Unless you can travel back in time, it’s not easy to picture how officers during the War of 1812 lived off the battlefield.
That is unless you’re at Officer’s Day at Fort George.
One day each spring, Fort George staff and volunteer re-enactors showcase how officers and the elite class in the colonies lived during the war.
This year’s Officer’s Day took place on Saturday, May 20, and saw re-enactors travel to the national historic site from far and wide to take part in a variety of day-to-day activities people then would’ve done.
Chris McKay, from London, Ont., helped come up with the idea for this year’s new “dressing an officer” presentation, inspired by fashion shows held during previous re-enactments.
He took on the role of a footman, a servant tasked with dressing the officer himself.
“We thought, ‘You know what, we’ve done that for two, three years, what else can we do that’s different?'” McKay said.
His dad, a history lover, used to take him and his siblings to all the different forts in the Niagara region to watch the war re-enactments. He fell in love with them.
“When I was old enough, I thought ‘That’s something I’d like to do.’ So, I found a group in my area and joined. That was 22 or 23 years ago now and I haven’t looked back,” McKay said.
Fort George has hosted an Officer’s Day several times in the past.
Originally, the re-enactors wanted to host a ball in the evening for themselves at the national historic site, said Peter Martin, the special events coordinator for Parks Canada.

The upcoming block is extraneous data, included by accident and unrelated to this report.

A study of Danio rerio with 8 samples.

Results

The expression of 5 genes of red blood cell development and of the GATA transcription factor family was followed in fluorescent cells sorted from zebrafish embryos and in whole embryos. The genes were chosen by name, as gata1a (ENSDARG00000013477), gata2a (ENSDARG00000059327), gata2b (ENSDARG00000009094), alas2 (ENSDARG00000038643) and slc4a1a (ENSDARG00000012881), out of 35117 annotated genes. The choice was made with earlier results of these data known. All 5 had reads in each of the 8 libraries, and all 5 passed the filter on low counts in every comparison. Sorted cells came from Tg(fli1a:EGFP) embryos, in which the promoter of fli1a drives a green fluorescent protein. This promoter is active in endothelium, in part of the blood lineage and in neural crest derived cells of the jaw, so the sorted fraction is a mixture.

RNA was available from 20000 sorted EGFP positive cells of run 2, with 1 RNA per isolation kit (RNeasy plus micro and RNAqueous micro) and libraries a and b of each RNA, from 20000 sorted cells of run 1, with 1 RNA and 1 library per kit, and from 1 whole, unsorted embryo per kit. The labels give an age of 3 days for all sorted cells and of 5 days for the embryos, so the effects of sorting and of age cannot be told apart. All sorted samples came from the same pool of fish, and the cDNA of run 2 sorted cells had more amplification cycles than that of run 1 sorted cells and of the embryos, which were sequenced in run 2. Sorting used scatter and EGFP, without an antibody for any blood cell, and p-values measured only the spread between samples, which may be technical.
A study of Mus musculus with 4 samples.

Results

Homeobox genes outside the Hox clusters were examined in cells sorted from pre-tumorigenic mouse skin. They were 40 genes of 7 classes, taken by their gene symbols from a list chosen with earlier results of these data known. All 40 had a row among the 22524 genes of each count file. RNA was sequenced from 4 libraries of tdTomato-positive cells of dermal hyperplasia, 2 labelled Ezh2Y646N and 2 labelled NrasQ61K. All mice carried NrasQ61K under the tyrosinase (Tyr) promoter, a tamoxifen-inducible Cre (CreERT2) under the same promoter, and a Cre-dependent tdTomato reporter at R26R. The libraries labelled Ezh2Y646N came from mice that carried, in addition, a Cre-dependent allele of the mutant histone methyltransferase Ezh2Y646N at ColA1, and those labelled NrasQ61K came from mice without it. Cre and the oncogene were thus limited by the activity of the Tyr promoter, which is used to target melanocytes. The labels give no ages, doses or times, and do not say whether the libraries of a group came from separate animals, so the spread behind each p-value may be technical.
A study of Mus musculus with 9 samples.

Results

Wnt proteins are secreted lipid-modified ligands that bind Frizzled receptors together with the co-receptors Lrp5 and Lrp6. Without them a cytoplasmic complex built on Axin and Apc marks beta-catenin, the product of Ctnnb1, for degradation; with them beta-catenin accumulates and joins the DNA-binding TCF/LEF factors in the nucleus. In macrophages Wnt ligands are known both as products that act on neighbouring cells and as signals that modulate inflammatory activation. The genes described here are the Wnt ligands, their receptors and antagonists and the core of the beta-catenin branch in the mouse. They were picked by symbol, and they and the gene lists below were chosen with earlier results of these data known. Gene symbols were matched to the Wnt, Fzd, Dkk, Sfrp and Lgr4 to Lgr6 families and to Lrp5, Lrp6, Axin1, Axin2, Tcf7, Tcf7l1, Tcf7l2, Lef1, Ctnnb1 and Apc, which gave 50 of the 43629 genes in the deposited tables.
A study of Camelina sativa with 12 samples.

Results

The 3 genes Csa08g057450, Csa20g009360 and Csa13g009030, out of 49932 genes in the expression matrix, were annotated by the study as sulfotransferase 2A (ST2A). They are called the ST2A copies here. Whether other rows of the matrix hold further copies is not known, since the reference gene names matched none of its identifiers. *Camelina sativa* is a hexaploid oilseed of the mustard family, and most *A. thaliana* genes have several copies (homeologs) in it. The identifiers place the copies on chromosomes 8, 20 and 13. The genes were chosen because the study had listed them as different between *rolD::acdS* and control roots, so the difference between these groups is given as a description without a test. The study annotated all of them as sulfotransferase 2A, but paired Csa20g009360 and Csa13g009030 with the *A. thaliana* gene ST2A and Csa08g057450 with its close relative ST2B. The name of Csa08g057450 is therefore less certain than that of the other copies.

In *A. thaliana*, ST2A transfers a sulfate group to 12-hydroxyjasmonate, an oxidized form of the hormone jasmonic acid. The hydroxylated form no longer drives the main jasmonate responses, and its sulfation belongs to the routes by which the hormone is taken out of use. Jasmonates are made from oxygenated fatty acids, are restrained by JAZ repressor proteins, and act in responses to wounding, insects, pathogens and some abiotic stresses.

“I said, ‘What can we do during the day for the public?’ So, we came up with this Officer’s Day idea,” he said.
Martin explained that this day allows the re-enactors to tell an entirely different story than the usual of a fight on a battlefield.
“We do duels occasionally, which is part of officer life to a certain degree. The dancing is always a highlight,” he said.
The clothing that goes into demonstrations like the dressing of the officers, as well as many of the uniforms used in re-enactment are made by one of the re-enactors.
Peter Twist works as a tailor for occasions like this, as well as Hollywood films.
“I joined a re-enactment unit back in the late ’80s and I had never sewn anything in my life,” he said.
Twist said his friend who made him his first uniform eventually moved to England, so he had to be taught to sew and carry on the skill.
“That’s how it started, and it just sort of grew from there,” he said.
Twist makes most of the uniforms for the staff at Fort George and he said a garment can take two to three weeks to complete.
A lot of teamwork goes into re-enactments and presentations at Fort George and Chris McKay said that is exactly what makes the experience so special.
“My favourite part is the people. All of my best friends are re-enactors and (I love) sitting around the fire and connecting with people at the end of the day,” he said.